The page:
Primatologist Frans de Waal explores the roots of fear, laughter, empathy and more

Chimps screaming

EMOTIONAL BEINGS  Chimpanzee screams are an expression of fear and anger. Frans de Waal considers these and other animal emotions in Mama’s Last Hug.

Frans de Waal
W.W. Norton & Co, $27.95

During the last few weeks of her life, Mama, an elderly chimpanzee at a zoo in the Netherlands, received a special visitor. As Mama lay curled up on a mound of straw, biologist Jan van Hooff entered her enclosure. Van Hooff, who had known Mama for more than 40 years, knelt down and stroked the arm of the listless chimp. When Mama looked up, her vacant face erupted into a smile. She reached out to van Hooff, calling out as she patted his face and neck.

For primatologist Frans de Waal, this touching scene isn’t difficult to interpret: Mama was happy to see her old friend. But such an interpretation has been taboo among many behavioral scientists, who have claimed nonhuman animals are like unthinking, emotionless machines that react to situations with preprogrammed instincts.

In the thought-provoking Mama’s Last Hug, de Waal dismantles that view. He presents piles of evidence that animals are emotional beings. The book is a companion to Are We Smart Enough to Know How Smart Animals Are?, in which he explored animal intelligence (SN: 12/24/16 & 1/7/17, p. 40).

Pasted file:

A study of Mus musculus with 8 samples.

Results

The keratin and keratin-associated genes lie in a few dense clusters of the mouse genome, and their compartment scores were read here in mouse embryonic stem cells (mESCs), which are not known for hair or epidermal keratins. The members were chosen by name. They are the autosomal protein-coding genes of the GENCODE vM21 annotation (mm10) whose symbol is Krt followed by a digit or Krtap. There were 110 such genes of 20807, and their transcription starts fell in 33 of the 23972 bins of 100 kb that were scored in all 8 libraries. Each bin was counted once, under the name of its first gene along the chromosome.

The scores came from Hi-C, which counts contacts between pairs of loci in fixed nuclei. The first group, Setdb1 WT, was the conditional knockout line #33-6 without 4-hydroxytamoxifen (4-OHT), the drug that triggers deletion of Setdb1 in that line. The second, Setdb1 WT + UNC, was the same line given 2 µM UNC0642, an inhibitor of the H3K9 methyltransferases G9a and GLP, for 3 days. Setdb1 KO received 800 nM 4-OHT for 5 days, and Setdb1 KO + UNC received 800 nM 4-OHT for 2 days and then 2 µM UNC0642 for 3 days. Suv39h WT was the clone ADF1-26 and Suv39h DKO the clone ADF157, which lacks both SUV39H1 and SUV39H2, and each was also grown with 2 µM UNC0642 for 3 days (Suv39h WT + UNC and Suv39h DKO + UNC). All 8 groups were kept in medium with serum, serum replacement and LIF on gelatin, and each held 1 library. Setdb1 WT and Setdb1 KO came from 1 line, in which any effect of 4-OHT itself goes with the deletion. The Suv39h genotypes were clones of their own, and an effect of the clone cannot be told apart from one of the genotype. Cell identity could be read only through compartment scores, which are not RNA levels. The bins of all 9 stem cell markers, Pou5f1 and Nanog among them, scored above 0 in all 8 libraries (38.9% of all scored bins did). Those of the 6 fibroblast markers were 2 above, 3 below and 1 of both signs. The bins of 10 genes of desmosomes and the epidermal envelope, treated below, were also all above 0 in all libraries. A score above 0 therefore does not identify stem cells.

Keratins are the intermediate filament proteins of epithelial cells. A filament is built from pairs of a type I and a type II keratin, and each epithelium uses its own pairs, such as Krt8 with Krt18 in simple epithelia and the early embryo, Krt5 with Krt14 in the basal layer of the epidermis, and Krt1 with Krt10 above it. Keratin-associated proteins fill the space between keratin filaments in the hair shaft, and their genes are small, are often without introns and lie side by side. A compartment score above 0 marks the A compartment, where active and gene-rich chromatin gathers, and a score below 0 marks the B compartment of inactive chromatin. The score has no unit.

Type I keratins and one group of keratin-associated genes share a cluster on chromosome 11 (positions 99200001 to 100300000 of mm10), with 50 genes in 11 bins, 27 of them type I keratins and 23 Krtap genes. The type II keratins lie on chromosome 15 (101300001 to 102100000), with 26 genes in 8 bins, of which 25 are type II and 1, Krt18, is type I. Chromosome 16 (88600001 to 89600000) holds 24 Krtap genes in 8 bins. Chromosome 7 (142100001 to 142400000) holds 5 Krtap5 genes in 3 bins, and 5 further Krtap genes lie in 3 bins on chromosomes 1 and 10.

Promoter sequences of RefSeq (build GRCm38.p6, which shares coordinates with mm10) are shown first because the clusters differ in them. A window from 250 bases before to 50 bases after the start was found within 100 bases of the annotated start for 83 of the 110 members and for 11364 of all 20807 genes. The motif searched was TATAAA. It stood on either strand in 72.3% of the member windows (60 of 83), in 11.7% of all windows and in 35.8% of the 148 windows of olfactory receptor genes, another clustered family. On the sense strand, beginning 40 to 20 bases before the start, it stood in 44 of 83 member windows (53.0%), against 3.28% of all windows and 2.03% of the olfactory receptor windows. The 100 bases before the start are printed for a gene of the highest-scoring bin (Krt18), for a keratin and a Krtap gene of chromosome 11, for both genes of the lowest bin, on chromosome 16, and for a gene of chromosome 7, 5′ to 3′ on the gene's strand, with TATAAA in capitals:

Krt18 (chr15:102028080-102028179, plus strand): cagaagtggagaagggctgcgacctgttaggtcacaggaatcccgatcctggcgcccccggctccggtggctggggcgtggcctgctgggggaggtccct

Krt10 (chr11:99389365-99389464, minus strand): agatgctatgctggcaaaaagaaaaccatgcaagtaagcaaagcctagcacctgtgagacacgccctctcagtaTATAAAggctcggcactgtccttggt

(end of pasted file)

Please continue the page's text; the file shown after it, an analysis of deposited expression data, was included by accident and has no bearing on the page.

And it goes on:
Emotions, de Waal writes, “are bodily and mental states — from anger and fear to sexual desire and affection and seeking the upper hand — that drive behavior.” On page after page, he tells of depressed fish, empathetic rats, envious monkeys and other emotional creatures. More than a collection of fascinating anecdotes, Mama’s Last Hug weaves together formal observations of animals in the wild and in captivity, behavioral experiments and neuroscience research.

That animals have emotions makes sense from an evolutionary perspective, de Waal explains. The basic physiology and brain chemistry that give rise to emotions in humans are present in other members of the animal kingdom. And emotions offer a much more flexible way to evaluate and respond to events in an ever-changing environment than instincts do. 

Of course, other animals’ emotions are not the same as human emotions, de Waal notes. There are differences “in the details, elaborations, applications and intensity.” And whether other animals are aware of their emotions, what de Waal defines as “feelings,” is still up for debate, he says.

De Waal’s conversational writing is at times moving, often funny and almost always eye-opening. Though some of his claims are more persuasive than others, it’s hard to walk away from Mama’s Last Hug without a deeper understanding of our fellow animals and our own emotions.